Quality Inn & Suites Kansas City I-435N Near Sports Complex
1051 N. Cambridge
Kansas City, MO 64120
Phone: (816) 483-7900
Fax: (816) 483-8887
A Church that vouches for communal harmony with no racial discrimination, Sheffield Family Life Center is more a community center than anything else. A special "church" for kids is an initiative to make visits more interesting for children. Appreciator of art, this church conducts varied forms of art classes, and has its own fine arts ministry. Guiding the youth right from there school days is what this church believes in, and in order to achieve that, a lot of recreational ideas are put to use during services. This center is home to a liberal community that spreads the word of health, peace and self-realization.
The Elmwood Cemetery is a cemetery that's non profitable. Consisting of a no paid staff, the cemetery is rich in revealing the history that reflects through it. Maintaining a serene atmosphere where the burials takes place, this cemetery is a quiet place to mourn over lost loved ones.
Worlds of Fun offers the Midwest a tradition of family entertainment and jam-packed fun with over 175 acres of exciting attractions. Thrill seekers and roller coaster lovers can choose from the 'Boomerang', 'Timber Wolf', 'Spinning Dragons' and 'Mamba', one of the world's top 25 roller coasters. Other popular rides include 'Fury of the Nile' and 'The Detonator', a ride that shoots riders towards the sky in 200-foot towers. There are also plenty of rides for kids also, which makes it a great spot for the entire family. Plan on spending the entire day and wear good walking shoes. Since the winter is brutally cold in the Midwest, the park is only open from April until October.
Situated along the banks of Missouri River, the Riverfront Park is a green community space unlike any others. Managed by the Port Authority of Kansas City. Cyclists and walkers alike traffic the 'joggers' track', one of the many paths that will eventually be integrated into the Heritage Trail. The large open space also doubles up as a venue for outdoor events, with the required infrastructure to accommodate the crowds.
The Parade Park is bounded by The Paseo, East Truman Road and Woodland Avenue in its three sides. A large circular ground with lush greenery, it is often used for performances by various artists. It also serves as a playground for those residing in and around the Paseo Boulevard. Located adjacent to the grounds are four Tennis courts which the locals use for recreational purposes. A variety of social events and celebrations also take place at the venue. During events, the place is fully facilitated with parking spaces and accessibility for the handicap.
A visit to the Black Archives makes the perfect addition to a day of discovery in the downtown area. This one-of-a-kind attraction, located just one block west of the 18th and Vine District, boasts one of the largest collections of African-American art, memorabilia and historical materials in the region. You will also explore the histories and lifestyles of many of the most respected African-American leaders in the area.
Kansas City is located at the confluence of the Missouri and Kansas Rivers, and gained prominence as a major transit hub in the late 19th Century. Early settlers came and went, often unable to maintain a tenable living situation, until John McCoy established a trading post along a bend in the river, drawing investors, traders and settlers to the area. The city was one of the earliest hotbeds of conflict preceding the Civil War, as pro-Union residents clashed with settlers from the South. After the war, the city won the rights to construct the Hannibal & St. Joseph bridge which quadrupled the city's population over fifty years. Today, the city is famous for its abundance of fountains, second only to Rome in number.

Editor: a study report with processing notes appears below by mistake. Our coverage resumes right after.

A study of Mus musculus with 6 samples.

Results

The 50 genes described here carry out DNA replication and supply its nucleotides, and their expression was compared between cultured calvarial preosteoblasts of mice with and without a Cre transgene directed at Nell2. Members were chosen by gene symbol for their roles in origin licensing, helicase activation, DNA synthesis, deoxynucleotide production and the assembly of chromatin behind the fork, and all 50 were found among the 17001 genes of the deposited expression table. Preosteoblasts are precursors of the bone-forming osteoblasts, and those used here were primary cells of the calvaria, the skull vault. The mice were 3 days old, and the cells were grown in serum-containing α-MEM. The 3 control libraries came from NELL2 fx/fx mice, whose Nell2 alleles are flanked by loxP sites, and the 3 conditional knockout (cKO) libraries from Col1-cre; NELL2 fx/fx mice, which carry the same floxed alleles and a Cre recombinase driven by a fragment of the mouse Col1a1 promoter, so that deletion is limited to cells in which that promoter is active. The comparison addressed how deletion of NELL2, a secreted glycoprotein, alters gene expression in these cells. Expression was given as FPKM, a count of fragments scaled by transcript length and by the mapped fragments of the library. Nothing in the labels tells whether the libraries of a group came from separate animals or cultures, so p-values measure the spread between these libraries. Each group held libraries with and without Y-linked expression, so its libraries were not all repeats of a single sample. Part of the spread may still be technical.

This 29-story structure was built in 1937 and is somewhat of an anomaly because most City Halls usually have only two or three floors. Nonetheless, it displays a Beaux-Arts style in its facade and the interior reflects design based on Art-Deco motifs. It is open daily during normal business hours and if you are in the area, the Italian marble lobby is worth a look.
McCoy Park is the first inclusive park for people with disabilities in the city. The park includes an accessible playground and baseball field.
Located in nearby Independence, this library is one of only ten presidential libraries in the country run by the National Archives and Records Administration. It houses 15 million pages of documents and 35,000 objects that are all associated with the life and presidency of Harry Truman. This populist president was born in Independence and he is buried in the courtyard alongside his wife Bess on the grounds of this impressive library.
This center is the information hub for those that want to learn more about where the great expansion of American began. It is part of the larger three-trails historic area and run by the non-profit Historical Society of New Santa Fe. However, these 'three' trails have nothing to do with hiking excursions, in fact, they signify three of the largest primeval American highways that came through the region. The Santa Fe, Oregon and California all coalesce here. Inside, there is a museum which depicts life on these trails, a replica pioneer depot, and relics from the Battle of Westport; one of the largest Civil War battles fought in the West.
Harry S Truman National Historic Site is the site of buildings which were significant in the life of this American president which have now been turned into preserved museums. Some such buildings include the Truman house, the Truman farm, the Noland home where his cousins lived and the Wallace homes.